3 Tips for Leading a Virtual Workshop or Meeting on Zoom

When leading a virtual meeting or workshop, it’s difficult to re-create the richness of being together physically. As much as I love technology, it’s a simple fact that Brady Bunch grids of people on a screen can’t replicate the experience of being in a room with other human beings!

However, that doesn’t mean your virtual meetings or workshops can’t be engaging or that you can’t do things to help your attendees feel more seen, heard, and involved.

Here are a few tips that we teach people in our Remote Leadership Presence workshop:

1. Look and Sound Your Best on Camera

When I run workshops, I use a green screen with a professional virtual background, a nice lighting setup, and a professional quality microphone. But you don’t need all of that to look good on camera. What you do need to do is show up like a leader:

  • Position your face in the top 2/3 of the screen
  • Elevate your camera so it is eye level (so you are not looking down or up at your audience)
  • Ensure the room is lit overall (this avoids grainy video)
  • Make sure you are well lit from the front. If you don’t have natural light like a window, or if you wear glasses like me and window glass reflects in your lenses, put a diffused lamp behind your laptop or monitor. Bonus points if your desk is near a wall because the light will bounce off the wall and light your face beautifully.
  • Dress the part (based on the type of meeting and audience)
  • Make sure you have good seated posture. I often stand when I present virtually because I feel more powerful standing, and I also notice that I am more animated when I stand and deliver.
  • Test different microphones, and buy a good one if none of yours sound good. My old laptop had a poor quality microphone, so I would use my AirPods instead. My new laptop has a near-studio-quality microphone, so I no longer use my AirPods when presenting. There are also many good quality, affordable microphones (some that also include headsets) that you can buy to imrove your audio.

Here is an example of positioning your head in the top 2/3 of the screen, positioning the camera at eye level, and a simple lighting setup (lamp behind my laptop). It’s not as nice as when I use my green screen, professional virtual background, and special lighting, but it works. It’s much better than these Zoom Don’ts I often see.

2. Make Eye Contact

This goes back to the second bullet in number 1 above — make sure your camera is eye level. But that’s not enough. When you want to command attention and make people feel like you are listening to them or talking to them, you need to look directly into the camera. This can feel a bit awkward, but practice will help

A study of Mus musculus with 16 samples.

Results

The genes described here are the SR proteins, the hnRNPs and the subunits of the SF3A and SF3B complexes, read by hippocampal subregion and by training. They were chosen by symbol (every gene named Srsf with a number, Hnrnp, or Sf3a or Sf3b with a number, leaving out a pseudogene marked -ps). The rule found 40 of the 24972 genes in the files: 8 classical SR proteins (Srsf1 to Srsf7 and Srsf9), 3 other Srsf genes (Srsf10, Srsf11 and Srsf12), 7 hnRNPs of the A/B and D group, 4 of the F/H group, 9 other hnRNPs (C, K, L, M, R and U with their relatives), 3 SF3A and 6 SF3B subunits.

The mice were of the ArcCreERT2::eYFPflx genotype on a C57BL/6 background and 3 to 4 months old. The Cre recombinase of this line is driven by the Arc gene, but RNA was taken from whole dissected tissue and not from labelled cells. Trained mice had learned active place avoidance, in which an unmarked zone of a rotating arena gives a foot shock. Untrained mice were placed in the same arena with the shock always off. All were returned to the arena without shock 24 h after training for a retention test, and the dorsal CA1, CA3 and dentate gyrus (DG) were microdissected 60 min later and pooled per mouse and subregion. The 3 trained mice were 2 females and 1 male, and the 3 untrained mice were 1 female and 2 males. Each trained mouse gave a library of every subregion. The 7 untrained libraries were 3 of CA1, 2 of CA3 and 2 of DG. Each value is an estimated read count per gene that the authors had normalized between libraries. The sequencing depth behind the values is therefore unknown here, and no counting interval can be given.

• Move the videos of your participants as close to your camera as possible. For example, if your camera is above your screen, move the videos to the top of the screen.
  • In Zoom, you can rearrange the video tiles in Gallery view so you can position people closer to your camera. I do this when someone asks a question so I can monitor their facial expression as I respond, but still make as much eye contact as possible by looking directly at the camera.

3. Encourage Interaction and Participation

Reactions Tab in Zoom

The Reactions tab in Zoom is one way to get your audience involved. People can raise their hands, applaud or give a thumbs up, and even answer yes or no questions all while still on mute! If you don’t see these features in your Reactions tab, head over to your Zoom settings and turn them on.

I find these Reactions helpful (as well as using the Chat box at times) and I build in opportunities for my audiences to use them when planning a workshop. But I also use other tools to get people involved and to liven up meetings or workshops:

  • Ice breakers
  • Breakout rooms
  • Live polls and quizzes (My favorite tool for this is Mentimeter. I use it to provide opportunities for the audience to interact with me anonymously and show their answers live on screen.)
  • Guest speakers or dual presenters
  • A meeting room manager (Having a co-pilot gives me someone to banter with and also allows me to connect with my attendees instead of worrying about monitoring chat or setting up breakout rooms.)

I’ve got a lot more tips when it comes to running effective and engaging remote meetings or workshops in our Remote Leadership Presence workshop. Get in touch if you want to discuss conducting this workshop for your team, or if you would like a private coaching session to help you up your remote leadership game.